The “osteopetroses” (literally "stone bone", also known as marble bone disease and Albers-Schonberg disease) are a group of clinically and genetically diverse rare bone diseases sharing the hallmark of increased bone density on radiographs. This pathological feature results from abnormalities in either differentiation or function of the bone cells (osteoclasts). Among the various forms, the malignant, Autosomal Recessive Osteopetrosis (ARO) is the most severe in that it affects children in their early life and leads to death if not adequately treated. ARO is characterized by dense but fragile bones, narrower bone marrow cavity leading to a reduced number of blood cells and an enlargement of liver and spleen; cranial nerve compression, blindness and/or deafness; and a few additional multi-systemic changes, including severe neurological defects. At present, the only therapeutic option is Hematopoietic Stem Cell Transplantation (HSCT) which should be performed as soon as possible in order to obtain a major benefit by avoiding the establishment of irreversible defects. Unfortunately, in some cases delays in diagnosis occur, due to ARO rareness and to the presence of complex phenotypes which may be misinterpreted. In this context, the identification of the specific molecular defect will allow to unequivocally draw the clinical diagnosis.


Human ARO results from mutations in many genes (genetically heterogeneous). 7 different genes have been described to date, corresponding to as many subgroups of patients with unique characteristics. Five genes encode proteins with an essential role in osteoclast function, in particular in the acidification of the resorption lacuna and in the endosomal trafficking. Mutations in these genes cause osteoclast-rich ARO forms in which osteoclasts are abundant, but display a severely reduced resorptive activity. They are the TCIRG1 gene, encoding the a3 subunit of the ATP-dependent vacuolar proton pump; the CLCN7, coding a chloride anion-proton antiporter; the OSTM1, coding a b subunit of CLCN7; the PLEKHM1 gene, coding a protein involved in vesicular trafficking, and the recently described SNX10 gene, coding a protein of the sorting nexin family, which plays important roles in cargo sorting and membrane trafficking in the endosomal pathway. On the other hand, the osteoclastogenic process appears to be affected in the osteoclast-poor RANKL- and the RANK-dependent forms, due to the indispensable role of the RANKL-RANK signaling pathway in osteoclast differentiation.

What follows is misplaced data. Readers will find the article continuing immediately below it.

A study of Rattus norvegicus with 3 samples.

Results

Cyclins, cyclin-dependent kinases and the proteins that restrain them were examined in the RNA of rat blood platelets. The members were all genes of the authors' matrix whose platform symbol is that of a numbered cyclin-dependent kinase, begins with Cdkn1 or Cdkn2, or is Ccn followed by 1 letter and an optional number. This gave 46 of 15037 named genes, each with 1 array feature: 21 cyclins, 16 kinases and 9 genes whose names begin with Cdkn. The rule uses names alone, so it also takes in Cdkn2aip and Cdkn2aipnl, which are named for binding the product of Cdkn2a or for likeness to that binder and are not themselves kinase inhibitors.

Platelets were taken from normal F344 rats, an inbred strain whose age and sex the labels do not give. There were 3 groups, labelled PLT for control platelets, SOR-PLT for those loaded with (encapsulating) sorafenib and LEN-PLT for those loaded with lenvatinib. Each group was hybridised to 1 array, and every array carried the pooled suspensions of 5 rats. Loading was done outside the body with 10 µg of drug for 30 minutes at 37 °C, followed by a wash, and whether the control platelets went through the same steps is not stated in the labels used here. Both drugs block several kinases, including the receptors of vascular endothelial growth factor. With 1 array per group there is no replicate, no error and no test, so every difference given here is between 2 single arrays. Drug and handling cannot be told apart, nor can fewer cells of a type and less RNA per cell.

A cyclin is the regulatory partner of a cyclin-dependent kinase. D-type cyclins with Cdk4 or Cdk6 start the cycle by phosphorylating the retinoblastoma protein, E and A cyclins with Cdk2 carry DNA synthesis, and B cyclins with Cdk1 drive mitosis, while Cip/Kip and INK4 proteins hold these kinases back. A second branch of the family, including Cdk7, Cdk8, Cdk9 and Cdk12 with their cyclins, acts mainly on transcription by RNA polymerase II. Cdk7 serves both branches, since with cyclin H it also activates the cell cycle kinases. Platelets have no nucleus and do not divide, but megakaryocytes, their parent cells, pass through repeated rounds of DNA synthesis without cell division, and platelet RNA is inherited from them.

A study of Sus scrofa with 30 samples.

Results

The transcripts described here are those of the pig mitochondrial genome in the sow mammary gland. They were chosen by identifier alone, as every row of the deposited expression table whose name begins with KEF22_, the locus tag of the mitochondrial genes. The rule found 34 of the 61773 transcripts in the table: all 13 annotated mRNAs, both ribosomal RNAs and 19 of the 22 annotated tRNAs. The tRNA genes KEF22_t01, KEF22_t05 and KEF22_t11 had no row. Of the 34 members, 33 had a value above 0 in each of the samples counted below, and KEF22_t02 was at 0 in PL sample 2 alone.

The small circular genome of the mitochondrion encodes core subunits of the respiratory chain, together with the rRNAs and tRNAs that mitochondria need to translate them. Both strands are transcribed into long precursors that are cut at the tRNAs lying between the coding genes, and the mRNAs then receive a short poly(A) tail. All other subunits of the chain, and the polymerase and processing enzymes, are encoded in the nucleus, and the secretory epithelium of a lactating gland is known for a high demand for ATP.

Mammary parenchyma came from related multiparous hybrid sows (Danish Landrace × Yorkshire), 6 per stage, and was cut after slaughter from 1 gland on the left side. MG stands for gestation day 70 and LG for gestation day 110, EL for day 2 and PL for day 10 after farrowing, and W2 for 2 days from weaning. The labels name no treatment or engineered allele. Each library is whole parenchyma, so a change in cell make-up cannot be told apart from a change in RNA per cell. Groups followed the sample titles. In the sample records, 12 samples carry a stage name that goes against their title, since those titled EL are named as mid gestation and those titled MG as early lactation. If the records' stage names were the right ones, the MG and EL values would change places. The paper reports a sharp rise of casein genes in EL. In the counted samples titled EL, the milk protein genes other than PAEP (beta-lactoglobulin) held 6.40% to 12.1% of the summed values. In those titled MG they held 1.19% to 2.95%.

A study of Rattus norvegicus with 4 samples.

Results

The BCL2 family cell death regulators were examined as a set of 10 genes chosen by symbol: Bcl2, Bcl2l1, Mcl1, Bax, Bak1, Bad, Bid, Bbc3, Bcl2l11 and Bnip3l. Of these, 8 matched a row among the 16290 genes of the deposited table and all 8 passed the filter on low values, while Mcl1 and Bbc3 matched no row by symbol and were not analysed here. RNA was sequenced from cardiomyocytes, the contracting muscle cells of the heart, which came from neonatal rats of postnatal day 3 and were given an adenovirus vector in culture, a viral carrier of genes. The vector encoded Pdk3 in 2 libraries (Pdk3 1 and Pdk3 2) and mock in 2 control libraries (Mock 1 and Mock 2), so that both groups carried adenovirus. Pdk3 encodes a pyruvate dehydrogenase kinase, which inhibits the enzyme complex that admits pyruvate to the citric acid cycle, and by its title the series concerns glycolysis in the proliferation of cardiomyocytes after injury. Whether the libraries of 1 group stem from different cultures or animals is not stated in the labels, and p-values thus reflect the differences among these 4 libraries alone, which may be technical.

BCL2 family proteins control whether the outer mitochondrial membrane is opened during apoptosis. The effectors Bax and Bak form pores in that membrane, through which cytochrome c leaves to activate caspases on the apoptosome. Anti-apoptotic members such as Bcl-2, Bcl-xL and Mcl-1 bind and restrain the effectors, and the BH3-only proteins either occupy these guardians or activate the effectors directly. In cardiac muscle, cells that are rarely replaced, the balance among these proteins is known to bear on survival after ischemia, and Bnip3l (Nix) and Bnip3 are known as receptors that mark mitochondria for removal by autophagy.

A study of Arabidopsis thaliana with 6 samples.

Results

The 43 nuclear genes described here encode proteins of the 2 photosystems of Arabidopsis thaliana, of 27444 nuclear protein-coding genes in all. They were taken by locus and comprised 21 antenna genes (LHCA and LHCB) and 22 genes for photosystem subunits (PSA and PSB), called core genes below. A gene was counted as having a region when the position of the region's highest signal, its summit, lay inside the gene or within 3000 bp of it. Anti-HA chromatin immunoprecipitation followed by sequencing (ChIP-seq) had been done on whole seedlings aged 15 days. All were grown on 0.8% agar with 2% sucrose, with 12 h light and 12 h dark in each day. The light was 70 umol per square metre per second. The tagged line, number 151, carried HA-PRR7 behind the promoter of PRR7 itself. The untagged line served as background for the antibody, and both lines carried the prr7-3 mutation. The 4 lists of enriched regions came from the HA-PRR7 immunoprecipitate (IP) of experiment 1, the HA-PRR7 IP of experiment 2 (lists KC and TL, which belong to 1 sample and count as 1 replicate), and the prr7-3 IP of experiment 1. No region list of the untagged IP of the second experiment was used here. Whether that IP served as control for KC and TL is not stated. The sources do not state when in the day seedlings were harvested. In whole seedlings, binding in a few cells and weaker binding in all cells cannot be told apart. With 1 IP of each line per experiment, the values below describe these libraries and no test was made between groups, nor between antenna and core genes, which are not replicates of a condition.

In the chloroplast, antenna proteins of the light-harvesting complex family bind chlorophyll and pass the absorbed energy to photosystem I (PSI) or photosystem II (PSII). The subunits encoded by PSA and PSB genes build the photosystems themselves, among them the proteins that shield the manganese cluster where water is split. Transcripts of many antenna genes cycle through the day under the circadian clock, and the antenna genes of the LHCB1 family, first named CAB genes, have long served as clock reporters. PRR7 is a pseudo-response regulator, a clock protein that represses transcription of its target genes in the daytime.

Regarding the patients’ management, in general in TCIRG1-, RANK- and SNX10-dependent ARO cases HSCT is the elective treatment because it importantly improves the bone and hematological defect; in patients with OSTM1- and RANKL-dependent ARO, HSCT is not applicable for different reasons (the extremely severe neurological defects, in the former group; the presence of a cell non-intrinsic defect, in the latter); in CLCN7-dependent ARO HSCT appropriateness has to be carefully evaluated in each case, based on the severity of the central nervous system (CNS) deficit.


The group at the CNR is interested in the molecular dissection of the disease, exploiting traditional approaches as well as next-generation sequencing techniques. In addition, thanks to the availability of two animal models of human osteopetrosis (namely, the oc/oc mouse, carrying a defect in the tcirg1 gene, and the Rankl-/- mouse), the group has reported the correction of the disease through in utero transplantation of either bone marrow cells or fetal liver cells, in the former model, and through the pharmacological administration of RANKL, in the latter model. The laboratory is currently working on the development of new therapeutic approaches, including induced pluripotent stem cells (iPSC) generation, correction and differentiation towards the hematopoietic lineage, and Mesencymal Stem Cell Transplantation.